The Federal Communications Commission (FCC) on Tuesday will announce a monthly subsidy for broadband internet access in low-income households, The New York Times reports, in an effort to narrow a digital divide between the rich and poor. The final proposal calls for a $9.25 monthly broadband subsidy for low-income households, and is part of a broader overhaul of the FCC's Lifeline program, which has subsidized phone services for the poor since 1985. The Lifeline overhaul will be put to a vote on March 31st and is expected to be approved by the majority-Democrat FCC.
Expanding broadband has been a priority for FCC chairman Tom Wheeler, with advocates arguing that internet access is now essential for low-income households to keep pace with work and school. A 2013 report from Pew found that barely half of households earning less than $30,000 a year had high-speed internet access, and that minorities are more likely to not have web access at home.
Republicans aren't happy about it
The Lifeline program has come under criticism following reports that its subsidies were being abused. Wheeler's proposal aims to curb future abuse by having a third party vet applicants and ensure compliance. (Applicants were previously vetted by wireless carriers.) The proposal also calls for Lifeline data to be made publicly available.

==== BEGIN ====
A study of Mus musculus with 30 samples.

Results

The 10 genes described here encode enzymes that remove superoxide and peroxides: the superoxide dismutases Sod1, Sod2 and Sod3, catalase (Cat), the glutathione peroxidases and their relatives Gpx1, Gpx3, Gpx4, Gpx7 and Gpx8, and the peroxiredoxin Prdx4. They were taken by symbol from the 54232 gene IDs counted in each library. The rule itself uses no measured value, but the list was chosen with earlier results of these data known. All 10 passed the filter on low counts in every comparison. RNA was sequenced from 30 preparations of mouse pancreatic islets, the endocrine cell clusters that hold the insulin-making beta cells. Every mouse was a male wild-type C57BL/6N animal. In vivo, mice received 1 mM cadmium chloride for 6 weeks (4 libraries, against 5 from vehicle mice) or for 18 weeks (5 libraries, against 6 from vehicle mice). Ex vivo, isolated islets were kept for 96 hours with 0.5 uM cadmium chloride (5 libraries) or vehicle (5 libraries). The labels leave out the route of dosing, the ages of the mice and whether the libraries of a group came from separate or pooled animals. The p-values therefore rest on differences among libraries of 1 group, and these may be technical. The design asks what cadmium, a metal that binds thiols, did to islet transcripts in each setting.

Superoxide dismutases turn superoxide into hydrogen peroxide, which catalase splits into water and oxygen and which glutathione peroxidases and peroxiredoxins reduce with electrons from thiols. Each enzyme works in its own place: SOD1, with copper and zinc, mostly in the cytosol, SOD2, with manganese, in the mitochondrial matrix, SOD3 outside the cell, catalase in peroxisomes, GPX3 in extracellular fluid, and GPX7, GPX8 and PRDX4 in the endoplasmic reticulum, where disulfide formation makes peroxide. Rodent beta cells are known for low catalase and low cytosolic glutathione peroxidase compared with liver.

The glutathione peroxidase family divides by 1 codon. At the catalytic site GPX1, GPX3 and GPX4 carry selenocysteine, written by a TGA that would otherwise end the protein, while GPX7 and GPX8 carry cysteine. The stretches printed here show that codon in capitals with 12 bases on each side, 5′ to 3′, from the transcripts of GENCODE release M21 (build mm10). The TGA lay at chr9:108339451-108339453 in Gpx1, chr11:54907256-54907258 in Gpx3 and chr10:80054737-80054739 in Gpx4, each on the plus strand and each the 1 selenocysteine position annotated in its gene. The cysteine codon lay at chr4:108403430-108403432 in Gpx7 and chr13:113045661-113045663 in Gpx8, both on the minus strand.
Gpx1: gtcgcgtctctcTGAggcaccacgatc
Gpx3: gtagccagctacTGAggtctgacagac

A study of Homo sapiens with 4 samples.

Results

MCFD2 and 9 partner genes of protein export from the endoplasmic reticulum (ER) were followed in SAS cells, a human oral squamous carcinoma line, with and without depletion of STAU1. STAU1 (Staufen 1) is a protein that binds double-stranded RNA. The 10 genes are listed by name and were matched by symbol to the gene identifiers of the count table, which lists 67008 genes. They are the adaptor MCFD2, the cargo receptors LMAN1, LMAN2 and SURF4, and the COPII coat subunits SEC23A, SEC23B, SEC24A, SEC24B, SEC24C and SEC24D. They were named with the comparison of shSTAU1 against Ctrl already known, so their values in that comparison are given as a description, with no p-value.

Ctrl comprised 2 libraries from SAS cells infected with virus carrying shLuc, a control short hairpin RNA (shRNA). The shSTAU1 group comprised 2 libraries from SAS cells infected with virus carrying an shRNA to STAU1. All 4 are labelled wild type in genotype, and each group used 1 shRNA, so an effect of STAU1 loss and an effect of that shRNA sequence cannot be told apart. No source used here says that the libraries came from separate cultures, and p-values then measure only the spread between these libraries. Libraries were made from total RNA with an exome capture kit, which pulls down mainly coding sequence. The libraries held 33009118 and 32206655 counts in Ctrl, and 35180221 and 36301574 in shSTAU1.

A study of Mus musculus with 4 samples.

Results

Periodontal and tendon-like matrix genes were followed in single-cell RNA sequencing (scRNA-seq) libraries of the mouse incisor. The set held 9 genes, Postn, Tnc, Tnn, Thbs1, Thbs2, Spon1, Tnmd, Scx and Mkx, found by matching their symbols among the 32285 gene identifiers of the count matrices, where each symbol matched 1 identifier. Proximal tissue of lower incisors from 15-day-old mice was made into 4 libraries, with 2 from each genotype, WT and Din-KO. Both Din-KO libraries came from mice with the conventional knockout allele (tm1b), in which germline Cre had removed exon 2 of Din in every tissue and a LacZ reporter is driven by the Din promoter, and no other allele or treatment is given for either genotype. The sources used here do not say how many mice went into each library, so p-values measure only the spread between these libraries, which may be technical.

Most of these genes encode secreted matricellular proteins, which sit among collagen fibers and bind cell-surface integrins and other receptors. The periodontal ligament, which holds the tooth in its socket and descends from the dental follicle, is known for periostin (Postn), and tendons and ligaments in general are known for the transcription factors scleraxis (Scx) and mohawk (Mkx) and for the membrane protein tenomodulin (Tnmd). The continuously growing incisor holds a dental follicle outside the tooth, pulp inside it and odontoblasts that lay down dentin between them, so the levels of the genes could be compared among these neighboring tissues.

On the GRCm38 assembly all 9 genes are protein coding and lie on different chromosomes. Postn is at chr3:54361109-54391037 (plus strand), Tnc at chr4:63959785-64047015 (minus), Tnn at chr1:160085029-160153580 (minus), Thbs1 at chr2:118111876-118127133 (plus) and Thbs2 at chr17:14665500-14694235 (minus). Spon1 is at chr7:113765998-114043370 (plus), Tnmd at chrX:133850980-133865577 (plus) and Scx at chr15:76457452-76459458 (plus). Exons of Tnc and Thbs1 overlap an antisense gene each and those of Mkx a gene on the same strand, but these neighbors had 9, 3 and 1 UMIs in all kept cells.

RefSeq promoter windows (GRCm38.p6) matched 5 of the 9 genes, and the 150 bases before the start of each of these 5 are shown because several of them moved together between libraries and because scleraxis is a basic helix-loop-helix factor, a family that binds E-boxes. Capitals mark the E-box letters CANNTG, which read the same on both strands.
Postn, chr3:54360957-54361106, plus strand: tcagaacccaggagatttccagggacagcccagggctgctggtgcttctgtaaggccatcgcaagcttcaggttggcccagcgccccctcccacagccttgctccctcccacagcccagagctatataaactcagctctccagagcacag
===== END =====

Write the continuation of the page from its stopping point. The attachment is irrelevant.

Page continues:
In a speech last month, Wheeler said that narrowing the digital divide could help address broader national challenges "like income inequality, job creation, economic growth, US competitiveness," though Republican commissioners have already voiced their opposition to his proposal, saying it would exceed the commission's budget and raise prices for all. "Such irresponsible action will balloon a program plagued by waste, fraud and abuse, and result in higher phone bills for every American — including those already struggling in the current economy," Republican commissioner Michael O’Rielly wrote in a blog post last week. "In sum, it’s a recipe for disaster, and I can’t and won’t be part of it."